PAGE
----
Has everyone forgotten Pascal?
0.1666666... (to whatever precision is supported).
1 div 6 yields
It's arguable whether the C rule is a mistake. Almost all of C's arithmetic operators, where the operands are of the same type, yield a result of the same type. There's something to be said for consistency.
Furthermore, since C is primarily targeted at system-level code, most C programs don't use floating-point at all. At one time, accidentally adding floating-point code to a program that didn't otherwise need it could be a serious problem. That's probably still the case, for small embedded systems -- which, again, are a major target for C.
In most C programs, truncating integer division is probably just what you want anyway.
1 / 6 yielded a floating-point result in C, then:
- It would be an inconsistency in the language.
- The standard would have to make an arbitrary choice of which floating-point type to use for the result (
double may seem like the natural choice, but you might prefer the extra precision of
- The language would still have to have an operation for integer division; performing floating-point addition and then truncating would likely not be good enough.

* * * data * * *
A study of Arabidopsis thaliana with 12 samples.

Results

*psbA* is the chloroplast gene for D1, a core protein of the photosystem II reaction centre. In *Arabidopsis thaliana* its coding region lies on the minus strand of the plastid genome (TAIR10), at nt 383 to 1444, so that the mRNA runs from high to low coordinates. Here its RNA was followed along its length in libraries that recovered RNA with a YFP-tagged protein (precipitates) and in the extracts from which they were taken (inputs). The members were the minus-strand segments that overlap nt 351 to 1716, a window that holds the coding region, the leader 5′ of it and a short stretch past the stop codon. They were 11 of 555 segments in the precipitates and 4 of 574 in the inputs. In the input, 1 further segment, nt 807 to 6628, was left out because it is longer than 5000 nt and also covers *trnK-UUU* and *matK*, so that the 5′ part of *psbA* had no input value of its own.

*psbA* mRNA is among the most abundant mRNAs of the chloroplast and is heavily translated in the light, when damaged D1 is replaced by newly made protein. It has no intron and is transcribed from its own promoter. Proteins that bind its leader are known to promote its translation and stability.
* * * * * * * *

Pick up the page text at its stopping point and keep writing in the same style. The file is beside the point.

C could have provided separate operators for the two kinds of division, but the second point above would still apply: which of the three floating-point types would be used for the result? And since it's easy enough to get floating-point division if you need it (use a floating-point constant for one or both of the operands, or cast one or both of the operands to a floating-point type), it apparently wasn't considered that important.
In the 1974 version of the C manual (that's 4 years before the publication of the first edition of K&R), Ritchie doesn't even mention the possible confusion:
The binary / operator indicates division. The same type considerations as for multiplication apply
which says that if both operands are of type
char, the result is of type
Yes, it's a source of confusion for some C programmers, especially beginners -- but C is not noted for being very novice-friendly.